What the Recent Past Says of SIP Trunking
Historically and as proven by various reliable surveys, VoIP and unified communications services have grown to be a multibillion dollar market in the recent past. SIP trunking services for cost effectiveness, flexibility and centralization of data centers as well as other cloud-based services are likewise fast catching up to meet the digital demands of corporate and SOHO or small office/home office consumers.
The Infonetics Research. Infonetics, a well-known market research company, found out in its most recent VoIP reports that VoIP services reached the $50 billion mark in 2011, improving by more than 15% compared to the preceding year. Similarly, SIP trunking revenues significantly leaped by 128%, unified communications services increased by more than 40% and hosted PBX revenues moved up to about 33%.
Based on this figures, Infonetics foresees a continued migration to VoIP and a steady growth of the use of SIP trunking technologies in 2014 and beyond. With no single provider dominating the VoIP market at the moment, the market is wide open for potential service providers and VoIP resellers.
The Webtorials SIP Trunking Market Report. Devoted to providing market research and in-depth analysis, Webtorials, ably supported by Sonus, another global IP enterprise, published its first annual report on the state of the SIP trunking market. The Webtorials findings concluded that VoIP has fully matured as a corporate communications tool, with more than 60% of respondents reporting significant or extensive use of VoIP. On the other hand, SIP trunking is a budding technology still in its early stages, with about a third of respondents using the technology.
According to the report, the apparent drivers of SIP trunking are cost savings and opportunities for new capabilities, making corporate communications more flexible and purposeful. With SIP trunking, the complexities of old the systems can now be eliminated and a wide range of voice formats and multimedia options can now be used. This spells yet another golden opportunity for service providers and VoIP resellers.
The Frost and Sullivan Annual Report. A global business consulting firm, Frost and Sullivan reports that 2011 was a banner year for the VoIP segment as service providers were able to more than double their revenues. This was in significant part due to a large number of corporate acquisitions and mergers while small and medium sized businesses continued to be strong as well.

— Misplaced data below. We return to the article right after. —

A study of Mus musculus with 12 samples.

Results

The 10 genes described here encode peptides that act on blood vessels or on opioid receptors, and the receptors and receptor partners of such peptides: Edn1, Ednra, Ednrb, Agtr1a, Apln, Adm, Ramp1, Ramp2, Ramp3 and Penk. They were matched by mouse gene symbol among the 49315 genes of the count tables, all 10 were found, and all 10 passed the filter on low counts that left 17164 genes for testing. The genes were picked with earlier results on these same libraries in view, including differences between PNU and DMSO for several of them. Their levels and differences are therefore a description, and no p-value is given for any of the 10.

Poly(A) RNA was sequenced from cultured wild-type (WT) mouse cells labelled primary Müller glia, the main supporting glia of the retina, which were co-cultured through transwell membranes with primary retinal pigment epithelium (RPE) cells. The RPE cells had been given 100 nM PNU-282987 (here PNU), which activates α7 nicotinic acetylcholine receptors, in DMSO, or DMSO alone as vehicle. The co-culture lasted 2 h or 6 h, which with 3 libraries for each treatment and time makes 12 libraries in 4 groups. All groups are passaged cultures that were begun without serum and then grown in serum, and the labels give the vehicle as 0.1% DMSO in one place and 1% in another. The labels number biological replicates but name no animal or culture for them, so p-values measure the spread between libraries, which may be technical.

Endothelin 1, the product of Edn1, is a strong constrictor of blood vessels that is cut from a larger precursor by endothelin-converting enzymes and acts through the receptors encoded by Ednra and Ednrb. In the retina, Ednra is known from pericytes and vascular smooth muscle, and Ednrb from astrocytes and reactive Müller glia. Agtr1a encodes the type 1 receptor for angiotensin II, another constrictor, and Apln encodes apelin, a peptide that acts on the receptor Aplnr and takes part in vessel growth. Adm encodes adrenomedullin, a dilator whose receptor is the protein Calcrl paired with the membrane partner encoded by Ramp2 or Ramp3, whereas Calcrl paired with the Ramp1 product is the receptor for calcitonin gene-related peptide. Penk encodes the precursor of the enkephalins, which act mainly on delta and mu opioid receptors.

Like the Infonetics report, Frost and Sullivan found out that SIP trunking is a relatively young technology but is quickly moving to show its potential. This can be seen by how medium and large industries are successfully assimilating the technology. VoIP and SIP trunking are increasingly becoming a logical choice as businesses of all sizes and types depart from traditional telecom systems and embrace cost-saving and more flexible options.
What the Future Says of SIP Trunking
What’s in it for VoIP resellers then? Recent history shows that SIP trunking is still a budding service but present trends also show that it indeed is a fertile ground for VoIP resellers. As Diane Myers of Infonetics puts it, the SIP market can be compared to a “wild west” situation where there are no identified dominant providers as yet even with At&T and Verizon around.
For people who are adopting SIP trunking, the prime driver is being able to experience new capabilities like managing call volumes more effectively and centralizing their communication resources with less costs. Specifically, businesses with multiple sites and a large data network can choose a given set of call capacity according to their needs and then remotely manage their calls from a centralized point.
As traditional T1 lines are expected to drop drastically in the next several years, SIP trunking is gaining momentum as a more relevant option. The future of SIP services as a new communications tool is bright, not only in terms of costs but of functionality as well. As such, the SIP trunking market is wide open for both big service providers and VoIP resellers.